Sunday, October 26, 2014


MAMA BUILT A LITTLE NEST captures the intricacies of "avian architecture." The book contains 15 two-page-spreads, each describing a different kind of bird next. The lefthand page is a four rhyming verse, e.g.
Daddy built a little next--
Now don't gross out-- with spit 
Who would have thought that spit would make
the perfect place to sit?
The right hand page includes one or two sentences about the bird:
The swiftlet makes an edible nest using tube-shaped saliva, which hardens in the air. Swiftlet nests are used in bird's nest soup, a Chinese delicacy
In the author's note, Jennifer Ward explains:
Birds are skilled, inventive, and adaptable builders. Nest design may be minimal (as with a scrape) or mind-boggling intricate (as with a woven). Sizes may be tiny (hummingbird) or huge (eagle). Birds design burrow, cavity, and mound  nests. They sew and craft woven, dome, and hanging nests. They produce nests that float, defy gravity, expand, are camouflaged, and that heat and cool.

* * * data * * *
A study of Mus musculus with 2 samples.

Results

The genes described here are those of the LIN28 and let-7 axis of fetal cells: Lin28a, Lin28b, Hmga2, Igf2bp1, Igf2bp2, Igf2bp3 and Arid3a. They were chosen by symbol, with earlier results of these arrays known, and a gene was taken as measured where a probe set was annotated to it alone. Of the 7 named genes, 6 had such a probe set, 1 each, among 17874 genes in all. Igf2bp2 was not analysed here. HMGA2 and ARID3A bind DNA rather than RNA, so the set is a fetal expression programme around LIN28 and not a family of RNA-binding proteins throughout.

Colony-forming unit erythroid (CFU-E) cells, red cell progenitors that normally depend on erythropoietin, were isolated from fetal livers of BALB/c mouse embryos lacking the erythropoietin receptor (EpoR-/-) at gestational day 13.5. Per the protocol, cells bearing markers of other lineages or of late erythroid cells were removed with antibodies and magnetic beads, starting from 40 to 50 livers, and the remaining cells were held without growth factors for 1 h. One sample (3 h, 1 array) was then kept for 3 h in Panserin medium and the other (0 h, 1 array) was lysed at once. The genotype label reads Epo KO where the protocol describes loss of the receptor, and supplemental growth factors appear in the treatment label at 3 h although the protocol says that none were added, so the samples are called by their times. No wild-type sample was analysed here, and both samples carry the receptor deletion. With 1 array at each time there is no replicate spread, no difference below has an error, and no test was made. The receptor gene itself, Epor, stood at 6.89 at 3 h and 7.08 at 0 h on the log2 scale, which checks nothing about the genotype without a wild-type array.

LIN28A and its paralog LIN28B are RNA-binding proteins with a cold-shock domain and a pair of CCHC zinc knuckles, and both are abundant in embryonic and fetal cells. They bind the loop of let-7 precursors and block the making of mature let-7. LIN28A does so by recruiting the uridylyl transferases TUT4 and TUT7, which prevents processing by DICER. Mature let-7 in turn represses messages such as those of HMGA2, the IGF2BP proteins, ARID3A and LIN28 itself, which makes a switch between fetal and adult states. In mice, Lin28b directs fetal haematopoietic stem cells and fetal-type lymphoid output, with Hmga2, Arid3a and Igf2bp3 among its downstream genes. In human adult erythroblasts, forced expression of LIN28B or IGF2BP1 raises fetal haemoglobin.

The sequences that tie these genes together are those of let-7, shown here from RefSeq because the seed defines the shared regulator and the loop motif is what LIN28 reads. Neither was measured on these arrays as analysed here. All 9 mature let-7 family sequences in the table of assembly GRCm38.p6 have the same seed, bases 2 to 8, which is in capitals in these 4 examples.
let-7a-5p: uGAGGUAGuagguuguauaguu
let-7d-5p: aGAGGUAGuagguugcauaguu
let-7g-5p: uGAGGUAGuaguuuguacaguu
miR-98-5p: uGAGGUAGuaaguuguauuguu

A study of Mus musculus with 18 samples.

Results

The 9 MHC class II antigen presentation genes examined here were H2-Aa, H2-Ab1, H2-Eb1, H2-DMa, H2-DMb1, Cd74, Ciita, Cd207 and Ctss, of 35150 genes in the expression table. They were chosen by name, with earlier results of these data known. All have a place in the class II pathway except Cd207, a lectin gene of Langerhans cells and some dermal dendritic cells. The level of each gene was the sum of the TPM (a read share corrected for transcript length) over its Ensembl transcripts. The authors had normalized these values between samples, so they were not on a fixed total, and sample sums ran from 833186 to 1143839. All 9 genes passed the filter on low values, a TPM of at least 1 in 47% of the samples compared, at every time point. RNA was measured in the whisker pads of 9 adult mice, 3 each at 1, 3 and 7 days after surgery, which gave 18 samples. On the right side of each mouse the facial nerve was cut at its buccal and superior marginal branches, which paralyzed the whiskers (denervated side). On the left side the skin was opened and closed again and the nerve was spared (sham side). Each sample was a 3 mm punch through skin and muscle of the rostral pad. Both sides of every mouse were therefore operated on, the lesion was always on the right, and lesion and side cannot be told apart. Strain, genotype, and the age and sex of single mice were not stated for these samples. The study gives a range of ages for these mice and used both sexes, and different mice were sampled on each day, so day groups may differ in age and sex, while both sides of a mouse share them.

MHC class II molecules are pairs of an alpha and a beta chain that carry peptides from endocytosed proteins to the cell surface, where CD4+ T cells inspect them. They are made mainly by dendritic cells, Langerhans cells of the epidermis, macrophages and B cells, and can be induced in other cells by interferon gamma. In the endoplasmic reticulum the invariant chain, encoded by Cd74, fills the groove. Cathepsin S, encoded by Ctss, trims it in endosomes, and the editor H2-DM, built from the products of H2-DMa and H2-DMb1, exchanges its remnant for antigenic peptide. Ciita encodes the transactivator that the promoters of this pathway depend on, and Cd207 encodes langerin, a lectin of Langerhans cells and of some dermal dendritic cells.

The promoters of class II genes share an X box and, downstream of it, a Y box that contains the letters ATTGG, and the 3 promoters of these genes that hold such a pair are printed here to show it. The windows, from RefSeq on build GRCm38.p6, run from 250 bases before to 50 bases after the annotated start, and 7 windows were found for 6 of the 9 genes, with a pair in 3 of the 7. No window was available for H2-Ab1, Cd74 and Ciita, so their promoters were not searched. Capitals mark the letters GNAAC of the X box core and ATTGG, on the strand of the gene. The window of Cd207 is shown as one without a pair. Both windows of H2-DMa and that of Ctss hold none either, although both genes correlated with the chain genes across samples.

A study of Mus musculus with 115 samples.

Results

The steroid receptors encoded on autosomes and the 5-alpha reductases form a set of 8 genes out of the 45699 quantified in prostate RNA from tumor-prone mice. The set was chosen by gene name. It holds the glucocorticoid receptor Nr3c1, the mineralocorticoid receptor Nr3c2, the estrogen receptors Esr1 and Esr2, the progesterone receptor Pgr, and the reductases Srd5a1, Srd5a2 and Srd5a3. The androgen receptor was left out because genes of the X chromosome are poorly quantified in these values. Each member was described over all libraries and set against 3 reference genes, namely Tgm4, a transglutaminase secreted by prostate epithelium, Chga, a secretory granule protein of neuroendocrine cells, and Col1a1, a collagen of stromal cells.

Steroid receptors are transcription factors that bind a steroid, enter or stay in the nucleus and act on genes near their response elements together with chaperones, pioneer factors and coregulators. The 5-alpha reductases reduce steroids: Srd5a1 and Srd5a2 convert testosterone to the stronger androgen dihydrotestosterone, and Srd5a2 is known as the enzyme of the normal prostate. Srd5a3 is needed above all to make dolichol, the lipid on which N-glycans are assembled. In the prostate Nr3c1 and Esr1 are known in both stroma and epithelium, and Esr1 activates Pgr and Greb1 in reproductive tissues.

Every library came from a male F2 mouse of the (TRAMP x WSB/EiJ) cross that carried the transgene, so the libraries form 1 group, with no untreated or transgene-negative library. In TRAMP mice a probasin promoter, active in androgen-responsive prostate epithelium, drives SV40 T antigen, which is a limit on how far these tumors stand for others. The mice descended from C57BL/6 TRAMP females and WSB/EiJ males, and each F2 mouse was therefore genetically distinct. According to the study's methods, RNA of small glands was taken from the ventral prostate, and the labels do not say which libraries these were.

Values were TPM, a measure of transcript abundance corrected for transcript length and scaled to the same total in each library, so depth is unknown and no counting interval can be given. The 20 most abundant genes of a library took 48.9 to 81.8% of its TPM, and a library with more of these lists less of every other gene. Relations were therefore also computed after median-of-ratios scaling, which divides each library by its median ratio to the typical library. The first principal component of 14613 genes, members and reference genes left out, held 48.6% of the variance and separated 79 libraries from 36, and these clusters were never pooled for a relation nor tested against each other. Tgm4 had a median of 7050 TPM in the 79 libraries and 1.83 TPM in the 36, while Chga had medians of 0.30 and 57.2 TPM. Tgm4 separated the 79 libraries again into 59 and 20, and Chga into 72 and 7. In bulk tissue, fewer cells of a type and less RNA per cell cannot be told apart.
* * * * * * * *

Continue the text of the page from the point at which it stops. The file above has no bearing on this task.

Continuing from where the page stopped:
Primary grade students are going to fall in love with this book. At the same time, I'm thinking it will be perfect for the animal adaptations unit our fifth graders are starting in early November. And an added bonus- collage illustrations are by one of my all-time favorite picture book artists, Steve Jenkins. 

Melissa Stewart's FEATHERS: NOT JUST FOR FLYING is another terrific new book about animal adaptations. In this picture book, Stewart describes the many different ways that birds use feathers. Two purposes are paired, then compared with common objects in a large font at the top of the page,  then a more detailed paragraph, in a smaller font, gives additional information.
"Feathers can shade out sun like an umbrella… As a hungry tri-colored heron wades through the water in search of food, it raises its wings high over its head. The feathers block out reflections from the sky and shade the water. This makes it easier to spot tasty fish and frogs. 
 Or protect like sunscreen"
On sunny summer afternoons red-tailed hawks spend hours soaring through the sky in search of prey Their thick feathers protect their delicate skin from the sun's harmful rays.
Sarah Brannen's watercolor illustrations are intricate and perfect, and yet feel simple enough that they could provide a great mentor text for any child interested in creating a nature journal.

Great for a lesson on birds, animal adaptations, metaphor, or capturing information on illustrations! Or just plain reading and enjoying!

1 comment:

Linda B said...

I've read both, Carol. They are gorgeous, informative, just lovely. Glad you like them, too!